This week’s European Central Bank meeting is set to be one of the most fiercely debated in months. For more than a year there has been a broad consensus among the eurozone’s monetary policymakers that interest rates need to go higher in order to tame inflation. Rates have been pushed up by 4.25 percentage points since July 2022. But with signs of an impending eurozone recession becoming harder to ignore — and annual price growth now at half its 10.6 per cent peak — the unity over the direction of travel is fraying.
Debate Among Central Bank Governors
The central bank’s governors are split: some prefer another, possibly final, 25 basis point rate rise, while others are pressing for a pause. And, following a slew of weak economic data, a narrow majority of investors are now expecting the ECB to hold fire on Thursday. ECB watchers are torn too.
Indicators of Economic Slowdown
Over the summer, indicators of activity in the eurozone’s manufacturing and services sectors pointed to a forthcoming economic slowdown. Higher interest rates, which are currently at 3.75 per cent, have constrained lending too. Indeed, on Monday, the European Commission downgraded the eurozone’s growth outlook for this year from 1.1 per cent to 0.8 per cent — with a contraction in its largest economy, Germany.
The Argument for a Pause
The hold camp argues that slowing economic growth could bring inflation down without further rate rises, and that an even higher cost of credit risks a deeper slowdown. A pause would then allow the ECB to monitor developments, including the pass-through of previous rate rises, until its next meeting in late October. While this narrative is plausible, investors may be underplaying the probability that the central bank ends up nudging rates higher at this meeting.
Reasons for Rate Hike
First, core inflation — a measure of underlying price pressures — remains too high. Although easing, it was 5.3 per cent last month — well above its historic average. With the labour market still tight, annual pay growth is adding to price pressures, particularly in services.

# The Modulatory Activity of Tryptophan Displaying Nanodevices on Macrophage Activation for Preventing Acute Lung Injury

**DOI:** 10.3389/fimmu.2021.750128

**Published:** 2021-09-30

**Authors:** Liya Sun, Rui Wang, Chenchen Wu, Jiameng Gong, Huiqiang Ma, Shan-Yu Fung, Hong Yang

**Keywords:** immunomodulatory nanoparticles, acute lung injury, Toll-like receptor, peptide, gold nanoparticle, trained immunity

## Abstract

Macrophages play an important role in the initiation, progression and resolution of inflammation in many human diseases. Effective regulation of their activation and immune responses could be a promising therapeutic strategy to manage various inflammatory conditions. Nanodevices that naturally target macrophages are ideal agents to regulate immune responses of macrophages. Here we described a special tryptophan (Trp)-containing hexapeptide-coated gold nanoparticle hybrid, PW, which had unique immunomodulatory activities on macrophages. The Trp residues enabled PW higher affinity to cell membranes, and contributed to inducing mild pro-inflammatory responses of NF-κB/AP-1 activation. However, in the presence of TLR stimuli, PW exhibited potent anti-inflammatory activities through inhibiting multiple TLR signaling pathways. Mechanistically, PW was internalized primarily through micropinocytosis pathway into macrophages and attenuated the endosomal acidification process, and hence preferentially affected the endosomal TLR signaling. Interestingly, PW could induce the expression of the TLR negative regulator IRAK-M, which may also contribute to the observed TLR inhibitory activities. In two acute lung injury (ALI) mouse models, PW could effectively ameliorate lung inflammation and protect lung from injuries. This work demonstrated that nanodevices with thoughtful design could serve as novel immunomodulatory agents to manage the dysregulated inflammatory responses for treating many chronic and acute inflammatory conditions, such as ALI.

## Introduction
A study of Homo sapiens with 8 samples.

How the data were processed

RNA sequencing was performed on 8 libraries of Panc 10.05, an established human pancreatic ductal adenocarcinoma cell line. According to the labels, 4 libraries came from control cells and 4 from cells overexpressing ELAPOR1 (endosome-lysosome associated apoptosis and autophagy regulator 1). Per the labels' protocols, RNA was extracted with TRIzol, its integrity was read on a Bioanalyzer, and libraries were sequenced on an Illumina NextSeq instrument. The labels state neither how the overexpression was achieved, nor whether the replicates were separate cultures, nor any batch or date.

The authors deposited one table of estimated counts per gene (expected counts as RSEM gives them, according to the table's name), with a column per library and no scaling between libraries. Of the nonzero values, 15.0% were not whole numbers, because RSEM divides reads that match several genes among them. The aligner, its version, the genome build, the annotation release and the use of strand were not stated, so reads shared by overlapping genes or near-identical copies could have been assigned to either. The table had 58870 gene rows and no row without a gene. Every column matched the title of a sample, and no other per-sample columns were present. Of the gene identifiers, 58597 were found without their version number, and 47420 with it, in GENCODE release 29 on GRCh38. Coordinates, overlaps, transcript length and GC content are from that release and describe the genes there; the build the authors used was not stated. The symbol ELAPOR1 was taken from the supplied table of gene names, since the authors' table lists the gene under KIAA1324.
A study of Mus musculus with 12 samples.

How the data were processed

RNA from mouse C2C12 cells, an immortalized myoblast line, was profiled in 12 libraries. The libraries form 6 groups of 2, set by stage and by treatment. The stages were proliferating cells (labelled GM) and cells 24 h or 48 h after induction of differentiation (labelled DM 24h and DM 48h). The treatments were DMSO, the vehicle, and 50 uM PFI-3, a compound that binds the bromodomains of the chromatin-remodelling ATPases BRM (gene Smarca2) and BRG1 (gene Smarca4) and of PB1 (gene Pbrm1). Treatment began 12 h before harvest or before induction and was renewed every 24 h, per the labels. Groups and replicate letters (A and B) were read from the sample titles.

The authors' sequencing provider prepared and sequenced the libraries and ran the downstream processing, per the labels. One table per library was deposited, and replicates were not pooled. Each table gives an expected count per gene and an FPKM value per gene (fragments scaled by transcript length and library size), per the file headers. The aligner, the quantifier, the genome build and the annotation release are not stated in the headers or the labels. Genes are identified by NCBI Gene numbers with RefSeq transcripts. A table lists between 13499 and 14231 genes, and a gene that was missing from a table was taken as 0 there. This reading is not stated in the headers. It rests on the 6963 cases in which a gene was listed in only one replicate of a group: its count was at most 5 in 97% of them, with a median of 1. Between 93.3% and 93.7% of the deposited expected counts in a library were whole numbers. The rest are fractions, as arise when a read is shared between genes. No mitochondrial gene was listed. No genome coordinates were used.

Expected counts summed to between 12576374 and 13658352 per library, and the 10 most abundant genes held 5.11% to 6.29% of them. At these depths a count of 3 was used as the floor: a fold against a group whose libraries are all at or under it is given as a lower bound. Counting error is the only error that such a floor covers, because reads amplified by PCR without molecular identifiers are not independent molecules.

Second, while economic growth has weakened more than anticipated, a few upside risks to inflation have also emerged. Oil prices have risen and Europe’s reliance on liquefied natural gas means it remains exposed to global supply shocks, including recent strike action at plants in Australia. Alongside still elevated core prices growth, these shocks could keep inflation — and medium-term inflation expectations, which edged up in July — higher for longer.
Third, after falling behind on inflation the ECB has preferred to convey a hawkish bias. Erring on the side of doing too much rather than too little on inflation has been its broad message. The ECB has gone against market expectations in the past, and may feel the need to do so again on Thursday to underscore its inflation-fighting credentials. After all, president Christine Lagarde used her Jackson Hole speech last month to outline how structural shifts risk bringing more persistent price pressures and uncertainty, and warned “the fight against inflation is not yet won.”
Possible Market Interpretations
There is a possibility that markets interpret a decision to hold as a signal that the hiking cycle is complete. Lagarde could try to articulate a hawkish hold or skip, and create room for a potential rise next month. But that may be hard to pull off. If investors assume rates have peaked, financial conditions could loosen.
The Tough Call
There are potential pitfalls in either direction: keeping rates on hold invites criticism that it is giving up too early, but raising them risks making a looming economic downturn worse. Either way, Lagarde needs to firmly express the ECB’s commitment to meeting the inflation target, and say that cuts remain a distant prospect. It is a tough call, but to get that message across, actions would speak louder than just words.